The Align joint venture of Bouygues, Sir Robert McAlpine and Volker Fitzpatrick - the main works contractor on HS2 - has developed an on-board robot that will improve safety and efficiency on the JV's tunnel boring work on the project.
The Krokodyl robot is claimed to be the first of its kind anywhere in the world and will be installed in the two two tunnel boring machines (TBMs), set to launch early next year, that will be used to bore the 16km-long Chiltern tunnels. The robot, working in a similar manner to the robotic arms used in a car factory production line, will carry out simple repetitive tasks – removing wooden spacers between tunnel segments and inserting connection dowels – that people would normally do.
Tunnel segments weigh up to eight tonnes and are delivered to the TBM with wooden spacers between them, which are generally removed by hand. By fully automating this process, the Krokodyl removes the need for people to work in this potentially hazardous area and helps with the installation of the 112,000 tunnel segments.
The tunnel segments are erected – as the TBM moves forward – in order to form a structural watertight ring designed to support the ground loads.
A second feature of the robot, known as the Dobydo, then places the dowels into position, ready for the segment to be slotted into place. Again, by automating this process, the robot reduces risk to people and improves safety and efficiency.
The Align JV built on its experience of delivering major tunnelling projects across the world to develop the Krokodyl.
Eddie Woods, HS2 Ltd’s head of tunnelling, said: "Safety is a key priority for HS2 and the introduction of these innovations, which essentially remove personnel from harm’s way, are an excellent example of the sort of initiatives we are pleased to see implemented on the project. It is one of the ways that ‘safe at heart’ can be achieved by minimising exposure in high risk locations."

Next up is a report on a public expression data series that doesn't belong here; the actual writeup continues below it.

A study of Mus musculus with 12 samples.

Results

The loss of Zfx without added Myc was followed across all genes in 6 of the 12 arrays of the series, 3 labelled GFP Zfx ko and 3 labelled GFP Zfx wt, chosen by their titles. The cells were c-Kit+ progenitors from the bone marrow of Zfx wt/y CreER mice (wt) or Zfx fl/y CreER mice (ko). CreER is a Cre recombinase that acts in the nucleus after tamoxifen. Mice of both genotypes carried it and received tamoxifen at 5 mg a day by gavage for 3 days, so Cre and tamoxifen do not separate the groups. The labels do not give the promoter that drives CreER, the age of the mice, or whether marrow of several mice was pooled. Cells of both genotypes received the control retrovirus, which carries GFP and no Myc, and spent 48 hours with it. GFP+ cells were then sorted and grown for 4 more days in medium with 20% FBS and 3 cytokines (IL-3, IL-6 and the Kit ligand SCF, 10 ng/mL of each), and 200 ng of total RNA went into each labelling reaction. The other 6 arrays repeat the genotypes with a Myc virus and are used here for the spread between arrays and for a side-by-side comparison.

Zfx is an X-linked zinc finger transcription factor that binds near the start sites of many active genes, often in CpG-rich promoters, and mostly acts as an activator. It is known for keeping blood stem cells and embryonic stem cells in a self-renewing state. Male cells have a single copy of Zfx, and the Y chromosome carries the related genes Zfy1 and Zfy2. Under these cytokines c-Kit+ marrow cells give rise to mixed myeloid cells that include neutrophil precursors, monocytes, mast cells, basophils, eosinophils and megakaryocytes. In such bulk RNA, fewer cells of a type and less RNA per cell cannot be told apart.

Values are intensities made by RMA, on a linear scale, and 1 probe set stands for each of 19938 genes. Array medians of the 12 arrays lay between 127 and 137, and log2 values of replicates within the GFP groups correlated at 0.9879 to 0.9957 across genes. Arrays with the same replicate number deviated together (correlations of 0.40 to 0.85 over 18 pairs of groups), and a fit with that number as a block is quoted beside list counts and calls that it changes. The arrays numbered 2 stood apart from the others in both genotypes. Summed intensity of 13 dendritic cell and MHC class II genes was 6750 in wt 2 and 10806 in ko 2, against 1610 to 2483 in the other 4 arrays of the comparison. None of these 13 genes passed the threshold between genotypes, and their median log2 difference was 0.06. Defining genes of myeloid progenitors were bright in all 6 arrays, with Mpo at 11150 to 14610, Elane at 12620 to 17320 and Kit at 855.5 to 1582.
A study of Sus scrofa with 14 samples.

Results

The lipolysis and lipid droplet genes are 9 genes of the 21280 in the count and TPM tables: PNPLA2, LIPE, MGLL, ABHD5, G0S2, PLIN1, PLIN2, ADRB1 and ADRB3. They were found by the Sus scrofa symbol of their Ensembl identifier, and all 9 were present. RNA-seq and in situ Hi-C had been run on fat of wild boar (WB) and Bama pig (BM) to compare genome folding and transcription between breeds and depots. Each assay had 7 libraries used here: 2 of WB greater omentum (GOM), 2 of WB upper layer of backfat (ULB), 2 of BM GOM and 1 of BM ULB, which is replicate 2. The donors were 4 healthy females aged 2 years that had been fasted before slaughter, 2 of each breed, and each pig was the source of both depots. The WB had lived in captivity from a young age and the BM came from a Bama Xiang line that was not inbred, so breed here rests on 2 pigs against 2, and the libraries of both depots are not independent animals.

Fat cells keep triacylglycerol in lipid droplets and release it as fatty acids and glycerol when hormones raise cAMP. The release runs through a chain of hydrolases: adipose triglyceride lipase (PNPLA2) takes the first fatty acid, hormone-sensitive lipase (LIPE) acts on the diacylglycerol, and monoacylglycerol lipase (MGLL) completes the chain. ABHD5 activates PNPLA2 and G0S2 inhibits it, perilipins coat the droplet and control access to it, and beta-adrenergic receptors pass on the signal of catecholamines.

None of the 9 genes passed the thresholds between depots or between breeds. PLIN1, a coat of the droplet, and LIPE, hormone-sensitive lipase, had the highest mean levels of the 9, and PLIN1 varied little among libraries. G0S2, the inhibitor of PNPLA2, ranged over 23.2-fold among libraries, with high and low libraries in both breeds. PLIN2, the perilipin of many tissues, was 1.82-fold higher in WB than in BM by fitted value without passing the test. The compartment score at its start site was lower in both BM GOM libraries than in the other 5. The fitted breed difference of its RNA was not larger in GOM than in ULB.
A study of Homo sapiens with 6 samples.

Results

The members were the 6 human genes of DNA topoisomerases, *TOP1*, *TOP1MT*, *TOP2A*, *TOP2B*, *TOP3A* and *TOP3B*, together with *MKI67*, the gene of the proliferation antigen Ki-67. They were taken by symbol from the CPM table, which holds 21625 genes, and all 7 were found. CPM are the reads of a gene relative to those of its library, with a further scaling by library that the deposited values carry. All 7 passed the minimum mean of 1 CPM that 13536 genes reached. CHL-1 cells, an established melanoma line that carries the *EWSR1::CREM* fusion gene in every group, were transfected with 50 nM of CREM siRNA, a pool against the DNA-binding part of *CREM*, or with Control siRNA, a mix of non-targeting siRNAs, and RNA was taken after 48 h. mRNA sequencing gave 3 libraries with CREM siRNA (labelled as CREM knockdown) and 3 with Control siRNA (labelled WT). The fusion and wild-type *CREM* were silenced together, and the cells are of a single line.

Didier Jacques, Align's underground construction director, added: "A lot of work has been undertaken by all concerned that has enabled us to develop and introduce this robot, thereby reducing the risk to our personnel. We are very proud of these innovations, which we would be happy to share with tunnelling teams working on other projects across the world."
The two 2,000 tonne TBMs – named ‘Florence’ and ‘Cecilia’ – are due to be launched early next year from a site close to the M25.
Both 170m-long machines are specifically designed for the mix of chalk and flint they will encounter under the Chilterns. Operating a pioneering ‘continuous boring’ technique, they are expected to take about three years to excavate the 9.1m metre diameter tunnels, which will be lined with a concrete ring made of seven separate segments as they go.
The TBMs will convert the spoil into slurry, which will be pumped back to the Align main site where it will be treated before being used for landscaping on-site, removing the need for additional HGVs on local roads.